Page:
Review: The Raven Boys by Maggie Stiefvater (Spoiler Alert)

Re-read 2023:

It’s honestly a blessing that I wasn’t born in The Raven Cycle universe because I would be so hopelessly and pathetically in love with Richard Campbell Gansey III.

It’s not the crisply pressed polo shirts or air of wealth that draws me in. It’s what makes him magnetic to everyone in his presence: the blind tenacity that beats through his chest. The anguish laced through every page of his tattered journal. The infatuation that borders on delusion. It pulls you to him. He cares so much. It’s dangerous.

Gansey was just a guy with a lot of stuff and a hole inside him that chewed away more of his heart every year.

They were always walking away from him. But he never seemed able to walk away from them.

There is so much that makes this series inimitable. The ingenious plot, the haunting atmosphere, but perhaps most notably, the characters. And perhaps even more importantly, the relationships between them.

There are five main characters in this story—Blue Sargent and her Raven Boys, Adam, Ronan, Noah, and Gansey. Of course, as this is only the first book in the series, there is much more depth to come, but what we get glimpses of is already so potent.

If I wanted to discuss every single detail I loved, we'd be here forever, so I've decided to highlight only what I found to be the most significant character work. Obviously that means we're starting with Gansey.

I've already detailed a bit of what makes me so attached to him, but I have yet to touch on his relationship with Adam.

Some days Gansey wished that he could be him, because Adam was so very real and true in a way that Gansey couldn't ever seem to be.

I think friendship in media is so important. Especially when it's complicated. When it's messy, but unflinching. And I think depictions of this type of friendship is especially important between men.

Adam was very good at watching without being watched. Only Gansey ever seemed to catch him at it.

The dynamic between Adam and Gansey is beautiful, yet heartbreaking. Adam is the only student at their boarding school on scholarship. He lives in a trailer park and has learned to hide his bruises. All Gansey wants is to get him out of there. All Adam wants is to not need saving.

'So, do you live here too?'

'Gansey would like me to. He likes all of his things in one place.'

Adam can't see himself as anything other than pitied and Gansey can't see himself as anything other than obnoxious. It's a deadly combination.

'God, I'm sick of your condescension, Gansey,' Adam said. 'Don't try to make me feel stupid. Who whips out repugnant? Don't pretend you're not trying to make me feel stupid.'

'This is the way I talk. I'm sorry your father never taught you the meaning of repugnant. He was too busy smashing your head against the wall of your trailer while you apologized for being alive.'

Both of them stopped breathing.

So did I.

The love between these boys is so special, it's able to overcome atrocities. It perseveres through trauma and sorrow and death. When the world shakes, and the dust settles, in the rubble will lie Richard Campbell Gansey III and Adam Parrish.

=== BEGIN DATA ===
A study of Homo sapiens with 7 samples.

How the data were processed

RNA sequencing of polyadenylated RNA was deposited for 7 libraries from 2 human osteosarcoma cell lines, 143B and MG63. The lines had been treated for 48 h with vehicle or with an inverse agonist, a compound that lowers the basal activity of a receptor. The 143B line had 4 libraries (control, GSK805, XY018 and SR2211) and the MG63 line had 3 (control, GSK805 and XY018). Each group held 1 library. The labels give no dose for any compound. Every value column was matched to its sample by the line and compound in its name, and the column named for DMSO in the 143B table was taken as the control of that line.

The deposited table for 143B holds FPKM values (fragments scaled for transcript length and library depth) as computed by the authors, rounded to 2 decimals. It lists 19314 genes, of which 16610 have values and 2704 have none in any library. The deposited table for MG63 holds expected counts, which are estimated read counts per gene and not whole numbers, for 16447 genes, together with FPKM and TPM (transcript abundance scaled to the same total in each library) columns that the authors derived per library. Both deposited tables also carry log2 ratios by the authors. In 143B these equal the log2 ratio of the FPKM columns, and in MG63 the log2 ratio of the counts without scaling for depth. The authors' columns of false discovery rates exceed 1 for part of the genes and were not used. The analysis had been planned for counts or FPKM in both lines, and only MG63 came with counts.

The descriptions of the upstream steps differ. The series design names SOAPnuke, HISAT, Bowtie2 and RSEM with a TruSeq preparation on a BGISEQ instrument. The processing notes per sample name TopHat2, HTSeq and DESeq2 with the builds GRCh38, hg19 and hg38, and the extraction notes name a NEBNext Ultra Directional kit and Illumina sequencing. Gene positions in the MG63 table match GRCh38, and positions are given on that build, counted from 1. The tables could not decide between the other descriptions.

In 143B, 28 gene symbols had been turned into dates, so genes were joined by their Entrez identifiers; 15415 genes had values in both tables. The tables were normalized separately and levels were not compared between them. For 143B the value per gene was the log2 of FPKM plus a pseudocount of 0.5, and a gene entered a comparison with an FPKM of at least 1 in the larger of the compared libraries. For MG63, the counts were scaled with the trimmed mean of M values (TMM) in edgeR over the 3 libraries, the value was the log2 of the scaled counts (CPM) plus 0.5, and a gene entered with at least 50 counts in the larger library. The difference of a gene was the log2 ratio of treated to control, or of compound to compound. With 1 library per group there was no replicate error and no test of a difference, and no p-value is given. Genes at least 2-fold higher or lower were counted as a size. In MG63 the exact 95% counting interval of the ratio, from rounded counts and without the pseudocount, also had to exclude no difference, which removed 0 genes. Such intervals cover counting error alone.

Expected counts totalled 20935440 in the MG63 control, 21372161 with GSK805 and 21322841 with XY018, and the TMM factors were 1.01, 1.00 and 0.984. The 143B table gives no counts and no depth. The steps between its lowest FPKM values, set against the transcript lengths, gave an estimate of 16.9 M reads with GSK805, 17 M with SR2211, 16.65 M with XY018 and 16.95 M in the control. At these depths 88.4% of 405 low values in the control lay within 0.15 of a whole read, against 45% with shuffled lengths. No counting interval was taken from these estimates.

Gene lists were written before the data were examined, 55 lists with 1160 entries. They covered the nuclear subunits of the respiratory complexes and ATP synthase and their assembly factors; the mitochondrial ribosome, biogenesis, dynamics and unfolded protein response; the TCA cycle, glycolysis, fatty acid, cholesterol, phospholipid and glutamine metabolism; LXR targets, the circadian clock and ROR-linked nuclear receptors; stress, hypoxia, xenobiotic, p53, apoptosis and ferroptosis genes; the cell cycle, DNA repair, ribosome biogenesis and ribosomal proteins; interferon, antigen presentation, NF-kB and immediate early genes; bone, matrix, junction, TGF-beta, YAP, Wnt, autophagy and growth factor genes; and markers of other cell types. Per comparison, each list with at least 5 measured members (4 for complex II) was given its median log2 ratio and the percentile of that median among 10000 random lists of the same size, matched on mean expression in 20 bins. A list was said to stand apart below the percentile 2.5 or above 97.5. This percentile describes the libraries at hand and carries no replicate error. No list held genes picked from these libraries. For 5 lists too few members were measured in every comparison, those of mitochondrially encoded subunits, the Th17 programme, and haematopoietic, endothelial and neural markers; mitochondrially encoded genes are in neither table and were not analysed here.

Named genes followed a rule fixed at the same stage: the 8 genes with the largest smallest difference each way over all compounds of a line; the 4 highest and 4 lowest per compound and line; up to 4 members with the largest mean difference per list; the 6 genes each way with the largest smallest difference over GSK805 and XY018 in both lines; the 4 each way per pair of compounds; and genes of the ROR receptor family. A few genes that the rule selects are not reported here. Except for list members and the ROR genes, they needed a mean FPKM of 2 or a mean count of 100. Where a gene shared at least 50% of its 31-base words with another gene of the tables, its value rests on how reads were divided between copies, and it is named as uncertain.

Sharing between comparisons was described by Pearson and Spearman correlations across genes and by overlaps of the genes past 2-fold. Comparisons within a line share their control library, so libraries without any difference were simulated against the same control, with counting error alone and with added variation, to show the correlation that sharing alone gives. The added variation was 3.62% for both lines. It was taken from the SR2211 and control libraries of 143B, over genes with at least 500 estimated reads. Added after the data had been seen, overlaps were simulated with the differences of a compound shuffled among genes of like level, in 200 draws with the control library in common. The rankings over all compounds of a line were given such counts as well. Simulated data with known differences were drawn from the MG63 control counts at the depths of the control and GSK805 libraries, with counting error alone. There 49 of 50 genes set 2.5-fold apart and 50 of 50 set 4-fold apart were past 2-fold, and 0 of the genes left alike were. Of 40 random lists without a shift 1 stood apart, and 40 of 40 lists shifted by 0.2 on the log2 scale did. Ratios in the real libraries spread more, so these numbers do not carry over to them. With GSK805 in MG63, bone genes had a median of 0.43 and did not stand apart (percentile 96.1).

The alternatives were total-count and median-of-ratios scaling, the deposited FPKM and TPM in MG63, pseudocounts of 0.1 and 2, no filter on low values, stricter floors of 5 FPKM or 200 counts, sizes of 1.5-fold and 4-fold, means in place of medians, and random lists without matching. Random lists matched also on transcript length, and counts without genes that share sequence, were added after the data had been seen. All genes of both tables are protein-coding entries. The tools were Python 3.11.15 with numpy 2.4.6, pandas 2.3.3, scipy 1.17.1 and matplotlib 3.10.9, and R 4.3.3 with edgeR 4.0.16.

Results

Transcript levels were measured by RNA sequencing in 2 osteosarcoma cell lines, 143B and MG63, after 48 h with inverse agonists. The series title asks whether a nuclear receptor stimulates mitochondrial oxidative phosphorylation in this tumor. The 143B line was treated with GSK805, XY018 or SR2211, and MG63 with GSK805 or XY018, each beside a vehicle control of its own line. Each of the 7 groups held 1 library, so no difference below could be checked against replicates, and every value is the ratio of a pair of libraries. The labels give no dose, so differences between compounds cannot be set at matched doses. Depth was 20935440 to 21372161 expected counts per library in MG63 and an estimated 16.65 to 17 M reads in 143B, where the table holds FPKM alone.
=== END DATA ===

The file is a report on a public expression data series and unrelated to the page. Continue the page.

Oh, Adam Parrish. Gansey is perhaps the most complicated aspect of his life, but when the book begins it starts with something not much more simple: Blue Sargent.

Blue is the only person Adam's ever met who didn't grow up in luxury. She has the same farmer's accent as him, at least, when they let it slip.

I have yet to finish this series, so I'm not sure where the romance leads—to Adam or Gansey, neither, or someone else—but no matter what, the bond between Adam and Blue is special. It's sweet.

Wordlessly, he sat beside her and then laid his head on her lap, his face in his arms.

Startled, Blue didn't immediately react, other than to glance over her shoulder to make certain that the tree hid them from the house. She felt a little like she'd been approached by a wild animal, and she was at once flattered by its trust and worried that she'd scare it away.

While there are about a million more things I could rave about, I'm going to end this review with the most illusive character in this novel: Ronan Lynch.

Gansey had once told Adam that he was afraid most people didn't know how to handle Ronan. What he meant by this was that he was worried that one day someone would fall on Ronan and cut themselves.

Having read the second book in this series, I already know there is so much buried within Ronan. He's violent, but only to protect. He's avoidant, but only because he's been abandoned. He's intimidating, but he nurtures a baby raven. Maybe it's just the name, but I see a lot of parallels between him and Roman Roy from Succession.

Alright, I think I've exhausted about all my fingers can bear to type. But just know this is barely scraping the surface of my thoughts about this story. Maggie Stiefvater is a genius and she knows exactly how to write a line that will break you. Again and again.

She recognized the strange happiness that came from loving something without knowing why you did, that strange happiness that was sometimes so big that it felt like sadness.

My original review from 2018 can be found here.